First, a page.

Tuesday, May 9, 2017
New Jersey Teen Accepted into All Eight Ivies
This crowning achievement is still relatively rare, and the small handful of students who grab the honor each year tends to get a lot of press. With notoriously brutal acceptance rates ranging from 5-15%, the odds are in almost no one's favor. So the fact that seventeen-year-old Ifeoma White-Thorpe was also accepted into Stanford is extraordinary. For the 2017-2018 admissions cycle, Stanford's admission rate fell to a mind-boggling 4.65%.

Anyone tuned into this blog knows that I've written relentlessly about the problem with reported acceptance rates. It's simple math: technology has made applying easier, so students apply to more colleges. At the same time, universities have around the same number of spaces open in each freshman class. So, proportionally speaking, colleges are admitting a lower percentage of applying students.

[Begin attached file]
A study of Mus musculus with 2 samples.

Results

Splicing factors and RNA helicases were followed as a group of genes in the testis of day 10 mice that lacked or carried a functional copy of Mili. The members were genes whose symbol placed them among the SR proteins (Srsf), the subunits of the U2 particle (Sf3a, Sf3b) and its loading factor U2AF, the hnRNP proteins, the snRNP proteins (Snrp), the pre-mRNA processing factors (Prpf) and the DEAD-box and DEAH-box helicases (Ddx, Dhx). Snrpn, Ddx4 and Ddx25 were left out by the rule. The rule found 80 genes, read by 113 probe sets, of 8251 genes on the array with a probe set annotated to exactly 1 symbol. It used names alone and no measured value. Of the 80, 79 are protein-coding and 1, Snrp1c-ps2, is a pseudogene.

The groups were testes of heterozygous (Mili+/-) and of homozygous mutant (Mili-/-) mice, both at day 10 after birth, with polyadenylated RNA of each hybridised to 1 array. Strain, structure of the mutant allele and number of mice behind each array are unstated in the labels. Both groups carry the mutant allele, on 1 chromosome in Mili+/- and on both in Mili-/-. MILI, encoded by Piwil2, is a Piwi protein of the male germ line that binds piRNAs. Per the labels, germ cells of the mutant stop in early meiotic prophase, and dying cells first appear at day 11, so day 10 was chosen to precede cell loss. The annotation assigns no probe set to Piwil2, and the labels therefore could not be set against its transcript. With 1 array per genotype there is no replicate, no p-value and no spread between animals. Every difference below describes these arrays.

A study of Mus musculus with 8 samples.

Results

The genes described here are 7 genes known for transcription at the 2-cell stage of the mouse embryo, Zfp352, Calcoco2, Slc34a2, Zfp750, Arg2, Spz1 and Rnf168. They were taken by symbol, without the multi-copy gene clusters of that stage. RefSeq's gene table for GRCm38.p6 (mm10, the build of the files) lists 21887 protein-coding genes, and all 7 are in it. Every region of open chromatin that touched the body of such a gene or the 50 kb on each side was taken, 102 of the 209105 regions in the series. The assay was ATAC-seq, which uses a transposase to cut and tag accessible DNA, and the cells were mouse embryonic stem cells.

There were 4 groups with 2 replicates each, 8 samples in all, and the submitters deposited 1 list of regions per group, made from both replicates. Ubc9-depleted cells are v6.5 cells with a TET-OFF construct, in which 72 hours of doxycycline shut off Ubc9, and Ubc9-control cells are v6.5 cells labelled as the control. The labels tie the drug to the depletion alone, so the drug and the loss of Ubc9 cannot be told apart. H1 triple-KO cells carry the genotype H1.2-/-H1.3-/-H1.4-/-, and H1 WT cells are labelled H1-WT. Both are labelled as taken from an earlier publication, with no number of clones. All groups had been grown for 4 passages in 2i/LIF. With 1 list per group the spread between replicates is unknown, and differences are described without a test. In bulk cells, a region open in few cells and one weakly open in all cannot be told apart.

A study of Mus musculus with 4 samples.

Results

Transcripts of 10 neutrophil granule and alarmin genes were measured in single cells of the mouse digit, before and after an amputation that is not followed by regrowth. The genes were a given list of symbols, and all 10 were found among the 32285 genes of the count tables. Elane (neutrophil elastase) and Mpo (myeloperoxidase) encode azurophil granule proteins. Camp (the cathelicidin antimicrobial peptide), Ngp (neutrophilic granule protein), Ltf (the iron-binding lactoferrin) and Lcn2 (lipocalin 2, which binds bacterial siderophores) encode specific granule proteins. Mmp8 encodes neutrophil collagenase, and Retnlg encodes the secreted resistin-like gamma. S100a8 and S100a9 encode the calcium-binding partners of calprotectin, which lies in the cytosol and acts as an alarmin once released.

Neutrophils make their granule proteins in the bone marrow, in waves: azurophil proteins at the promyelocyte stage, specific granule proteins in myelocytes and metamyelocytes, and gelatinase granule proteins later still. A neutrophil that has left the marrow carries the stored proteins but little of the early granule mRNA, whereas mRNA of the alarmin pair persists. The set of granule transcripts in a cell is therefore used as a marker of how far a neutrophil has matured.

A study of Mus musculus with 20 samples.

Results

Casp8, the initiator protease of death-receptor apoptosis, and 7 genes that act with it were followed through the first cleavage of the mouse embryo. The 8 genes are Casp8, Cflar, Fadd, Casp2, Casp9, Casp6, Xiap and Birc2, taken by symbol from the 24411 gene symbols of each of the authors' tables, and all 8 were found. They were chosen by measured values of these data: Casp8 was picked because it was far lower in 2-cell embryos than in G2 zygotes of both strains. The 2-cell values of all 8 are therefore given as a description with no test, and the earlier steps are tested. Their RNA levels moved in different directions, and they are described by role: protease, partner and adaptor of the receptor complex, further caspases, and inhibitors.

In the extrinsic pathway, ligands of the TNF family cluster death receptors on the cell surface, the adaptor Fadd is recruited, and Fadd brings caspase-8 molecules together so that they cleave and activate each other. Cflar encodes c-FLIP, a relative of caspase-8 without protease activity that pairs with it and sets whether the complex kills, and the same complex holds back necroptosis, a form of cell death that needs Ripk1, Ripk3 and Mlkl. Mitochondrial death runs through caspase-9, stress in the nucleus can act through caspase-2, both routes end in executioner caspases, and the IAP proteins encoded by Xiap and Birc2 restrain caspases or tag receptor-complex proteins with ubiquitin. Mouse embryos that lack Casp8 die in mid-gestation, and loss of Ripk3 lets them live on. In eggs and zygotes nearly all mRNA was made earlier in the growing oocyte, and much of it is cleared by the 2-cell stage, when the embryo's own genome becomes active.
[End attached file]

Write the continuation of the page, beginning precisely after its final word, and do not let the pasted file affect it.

Technicalities aside, this kind of admissions sweep is relatively unheard of, and the credit should fall squarely in White-Thorpe's lap. She is student-government president at her school. Though writing is both a skill and a passion, she aspires to study global health and biology. The appeal of the Ivies was not pedigree but the value of their research institutions.

In 2015, she was one of three national finalists in the Selma Speech and Essay Contest, in which students were invited to write about issues of freedom and self-determination. White-Thorpe wrote candidly about racial discrimination, and living with its very raw, and often terrifying weight.

White-Thorpe hasn't yet made a declaration about attendance, but acknowledges that cost will be a factor. Neither Stanford nor the Ivies offer merit-based scholarships and all come with annual price tags of $50,000 and higher. Fortunately, enormous endowments mean that most offer generous need-based financial aid. With any luck, the positive press will be as persuasive to these institutions as Ms. White-Thorpe's own estimable achievements.